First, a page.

A £250,000 military payroll attracts the attention of Turpin (Stanley Baker) who, since his own Army days, has dreamed of the perfect robbery that would put him on easy street for the rest of his life.
Sharing his enthusiasm for the gigantic snatch are old Army colleagues Swavek (Helmut Schmid), a Polish explosives expert, and Fenner (Tom Bell), a daring young stop-at-nothing driver.
The three plan the operation with meticulous thoroughness using an old garage and its environs as a sort of assault course to practice with a flame thrower and explosives to perfect their grand plan.
They check and re-check the plan with stopwatch precision and equip themselves with military uniforms, pay books, works tickets, a three-ton Army truck and everything possible to allow them to enter the Army camp and remain there for the whole day to carry out the scheme’s essential arrangements without arousing suspicion among the camp’s personnel.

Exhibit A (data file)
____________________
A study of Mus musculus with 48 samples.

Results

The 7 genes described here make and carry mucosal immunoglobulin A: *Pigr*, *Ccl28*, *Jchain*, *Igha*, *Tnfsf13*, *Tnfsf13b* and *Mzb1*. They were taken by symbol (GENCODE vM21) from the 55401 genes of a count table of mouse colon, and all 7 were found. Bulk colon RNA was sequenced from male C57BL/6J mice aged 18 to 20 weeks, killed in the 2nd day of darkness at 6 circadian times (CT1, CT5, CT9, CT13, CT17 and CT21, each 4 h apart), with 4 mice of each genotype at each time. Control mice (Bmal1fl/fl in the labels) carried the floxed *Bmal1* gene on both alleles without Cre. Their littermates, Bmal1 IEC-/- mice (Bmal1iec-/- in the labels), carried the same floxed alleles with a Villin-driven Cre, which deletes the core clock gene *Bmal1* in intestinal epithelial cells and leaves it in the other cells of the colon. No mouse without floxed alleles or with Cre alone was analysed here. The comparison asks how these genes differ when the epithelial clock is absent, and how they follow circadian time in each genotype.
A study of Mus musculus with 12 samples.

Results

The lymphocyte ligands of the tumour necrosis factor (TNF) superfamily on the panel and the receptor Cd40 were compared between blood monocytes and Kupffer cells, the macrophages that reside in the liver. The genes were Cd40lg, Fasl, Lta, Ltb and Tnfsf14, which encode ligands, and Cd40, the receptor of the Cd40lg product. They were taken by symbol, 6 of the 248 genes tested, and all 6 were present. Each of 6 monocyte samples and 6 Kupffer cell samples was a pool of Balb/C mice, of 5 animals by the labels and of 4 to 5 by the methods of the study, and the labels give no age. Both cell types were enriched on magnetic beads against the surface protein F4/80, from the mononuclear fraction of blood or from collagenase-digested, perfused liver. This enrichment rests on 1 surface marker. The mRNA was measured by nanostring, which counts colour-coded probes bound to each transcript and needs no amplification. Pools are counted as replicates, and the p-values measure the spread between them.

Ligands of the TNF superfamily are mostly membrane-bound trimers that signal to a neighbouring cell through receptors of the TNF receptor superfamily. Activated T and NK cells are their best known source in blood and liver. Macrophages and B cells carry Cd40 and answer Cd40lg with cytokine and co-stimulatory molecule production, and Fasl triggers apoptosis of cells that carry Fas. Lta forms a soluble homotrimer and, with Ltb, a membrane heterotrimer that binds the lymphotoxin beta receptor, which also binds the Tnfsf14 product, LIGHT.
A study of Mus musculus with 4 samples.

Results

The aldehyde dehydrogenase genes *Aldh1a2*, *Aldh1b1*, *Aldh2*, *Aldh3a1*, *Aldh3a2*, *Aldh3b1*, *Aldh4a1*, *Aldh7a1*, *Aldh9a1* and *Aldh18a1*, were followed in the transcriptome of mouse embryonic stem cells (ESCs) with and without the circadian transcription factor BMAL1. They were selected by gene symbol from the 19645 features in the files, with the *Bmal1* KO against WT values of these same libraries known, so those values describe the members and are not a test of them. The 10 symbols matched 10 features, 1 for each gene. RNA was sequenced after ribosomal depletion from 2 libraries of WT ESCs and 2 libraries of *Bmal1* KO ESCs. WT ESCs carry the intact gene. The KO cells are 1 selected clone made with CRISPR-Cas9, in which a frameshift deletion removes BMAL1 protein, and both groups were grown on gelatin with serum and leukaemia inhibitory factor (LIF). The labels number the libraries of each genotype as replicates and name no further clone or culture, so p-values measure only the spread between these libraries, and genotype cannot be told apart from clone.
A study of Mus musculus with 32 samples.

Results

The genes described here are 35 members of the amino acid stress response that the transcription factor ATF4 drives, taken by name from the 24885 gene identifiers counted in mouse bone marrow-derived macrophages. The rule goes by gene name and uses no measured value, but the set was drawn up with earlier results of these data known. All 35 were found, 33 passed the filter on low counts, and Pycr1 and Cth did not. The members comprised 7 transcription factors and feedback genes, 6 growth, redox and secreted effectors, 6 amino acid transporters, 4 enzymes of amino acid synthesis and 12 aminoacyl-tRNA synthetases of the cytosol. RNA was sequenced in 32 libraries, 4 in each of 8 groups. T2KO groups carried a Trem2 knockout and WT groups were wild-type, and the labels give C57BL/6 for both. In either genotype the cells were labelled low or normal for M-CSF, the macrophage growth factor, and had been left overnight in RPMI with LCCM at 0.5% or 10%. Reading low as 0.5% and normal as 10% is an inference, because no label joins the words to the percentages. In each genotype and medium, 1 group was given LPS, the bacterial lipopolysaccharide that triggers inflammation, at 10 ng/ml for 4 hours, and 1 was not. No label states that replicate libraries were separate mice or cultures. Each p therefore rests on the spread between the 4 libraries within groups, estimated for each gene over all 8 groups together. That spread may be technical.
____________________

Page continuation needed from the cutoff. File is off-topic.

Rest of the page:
The troops are being drafted overseas to the Middle East, which accounts for the large amount of cash now being held at the camp. “When you’re sending an army abroad, you can’t send a cheque after ’em. You’ve got to take the dough,” Turpin explains.
The plotters sit listening to the radio news bulletins each night and finally learn that the expedition is on – the troops are to embark the following day. The trio are ready to carry out their carefully rehearsed plan.
They change into military uniforms and set off to the camp in their Army truck as dawn breaks. There can be no turning back.
A Prize of Arms is a suspenseful but pacy thriller and a terrific heist movie. Look closely for a wealth of soon-to-be-famous faces amongst the soldiers, including Rodney Bewes, Patrick Magee, Stephen Lewis, Geoffrey Palmer and Fulton Mackay.